On June 29, 2012, Houston City Council took a bold step in infringing upon local businesses right to operate without being harassed, when they approved a $5-per-customer fee on strip clubs so the City could buy speedier lab work to end the crisis in the crime lab of the backlog of rape kits. This week, Mayor Parker announced that a new plan has been created to end the backlog of untested rape kits that will have the crime lab operating without a backlog anywhere from 12-14 months.
This plan includes outsourcing the lab work to two outside labs that have extensive experience in reducing and eliminating backlog testing. Whether these two companies are “Hire Houston First” worthy is a discussion for another day, but I will applaud the Mayor for making this move for a few reasons.
First and foremost, because rape victims and accusers will no longer have to wait an unreasonable amount of time for the justice system to provide results and give some certainty to their lives. Second, the unconstitutional Poll Tax that was levied on strip clubs should now become obsolete and thus Council should repeal their June 2012 action so as not to continue to burden and harass an industry, where there were never any studies or data that showed a correlation between strip club patrons or strip clubs and rape.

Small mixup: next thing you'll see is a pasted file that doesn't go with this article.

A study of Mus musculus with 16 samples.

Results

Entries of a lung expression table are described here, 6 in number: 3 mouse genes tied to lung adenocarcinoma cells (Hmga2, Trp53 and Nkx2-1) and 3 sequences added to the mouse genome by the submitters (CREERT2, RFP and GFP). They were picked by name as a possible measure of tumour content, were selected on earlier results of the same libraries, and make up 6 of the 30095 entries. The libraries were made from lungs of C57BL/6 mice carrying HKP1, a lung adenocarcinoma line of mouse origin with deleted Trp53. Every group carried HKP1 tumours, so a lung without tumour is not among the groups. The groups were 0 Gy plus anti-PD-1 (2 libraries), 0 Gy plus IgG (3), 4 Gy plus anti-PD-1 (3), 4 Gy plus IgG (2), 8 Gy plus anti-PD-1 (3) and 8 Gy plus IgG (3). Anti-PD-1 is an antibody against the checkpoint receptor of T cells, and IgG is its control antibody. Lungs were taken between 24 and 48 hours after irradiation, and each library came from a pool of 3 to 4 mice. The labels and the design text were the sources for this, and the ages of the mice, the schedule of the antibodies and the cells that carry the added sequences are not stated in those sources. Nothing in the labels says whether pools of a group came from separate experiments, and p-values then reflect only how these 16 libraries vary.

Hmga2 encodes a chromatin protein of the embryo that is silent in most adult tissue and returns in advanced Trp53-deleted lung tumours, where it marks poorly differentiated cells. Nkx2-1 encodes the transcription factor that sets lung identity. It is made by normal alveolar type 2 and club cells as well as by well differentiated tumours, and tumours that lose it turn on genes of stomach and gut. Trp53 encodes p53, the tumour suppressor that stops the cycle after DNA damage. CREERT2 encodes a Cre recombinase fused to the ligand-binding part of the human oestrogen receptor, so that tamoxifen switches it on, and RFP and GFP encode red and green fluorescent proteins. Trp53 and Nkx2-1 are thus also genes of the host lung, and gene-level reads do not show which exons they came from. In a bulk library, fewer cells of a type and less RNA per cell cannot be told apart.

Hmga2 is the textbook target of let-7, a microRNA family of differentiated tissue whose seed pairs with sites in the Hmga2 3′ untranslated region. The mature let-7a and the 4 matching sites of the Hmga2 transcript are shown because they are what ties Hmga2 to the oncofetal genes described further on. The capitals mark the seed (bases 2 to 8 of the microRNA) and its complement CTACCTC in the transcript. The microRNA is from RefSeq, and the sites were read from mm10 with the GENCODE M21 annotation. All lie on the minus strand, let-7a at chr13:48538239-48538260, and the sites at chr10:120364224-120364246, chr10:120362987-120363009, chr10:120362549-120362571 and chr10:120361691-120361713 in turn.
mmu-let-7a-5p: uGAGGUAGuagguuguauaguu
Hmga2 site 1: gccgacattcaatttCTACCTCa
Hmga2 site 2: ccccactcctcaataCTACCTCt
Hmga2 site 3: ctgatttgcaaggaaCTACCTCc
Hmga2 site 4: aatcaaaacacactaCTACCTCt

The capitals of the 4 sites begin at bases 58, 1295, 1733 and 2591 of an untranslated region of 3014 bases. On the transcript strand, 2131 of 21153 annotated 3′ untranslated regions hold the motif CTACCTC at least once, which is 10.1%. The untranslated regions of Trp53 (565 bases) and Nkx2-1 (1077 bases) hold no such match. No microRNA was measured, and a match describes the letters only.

This is not a “free the strip clubs” argument, but a pure business argument. Houston is quickly becoming a sore spot and last resort location for the hospitality industry and the increasing taxes and fees on local businesses is the main reason. Singling out this small community within the industry was a witch hunt from the beginning, and now that the funds to be used for the testing of the backlog kits are coming from grants that were funneled into the General Fund, there is no need for this pointless Poll Tax. When asked whether or not the City would stop collecting the fee, there was not an affirmative answer, which is troublesome. We cannot continue to allow legal businesses to take the brunt of an abusive tax and fee structure mandated by the City of Houston. Whether you support or oppose strip clubs or that industry, right is right and allowing local businesses to grow and prosper within the city is something that we must allow if we want to attract the business and entrepreneurial community to come racing back into the city instead remaining in the periphery of the city limits.
I look forward to seeing how this turns out both at the Council level as well as the Lawsuit level, as the City no longer has a reasonable or rational basis to implement and collect on the strip club fee. Let’s give support to our local businesses and give them a chance to succeed by not allowing our Council to continue to burden them with excessive taxes and fees that have nothing to do with the safety of our community. Houston’s growth will not survive this type of regression, so let’s push forward with progress, because that is what will develop our neighborhoods, our roads, our communities and in my eyes. . . COMMUNITY COMES FIRST!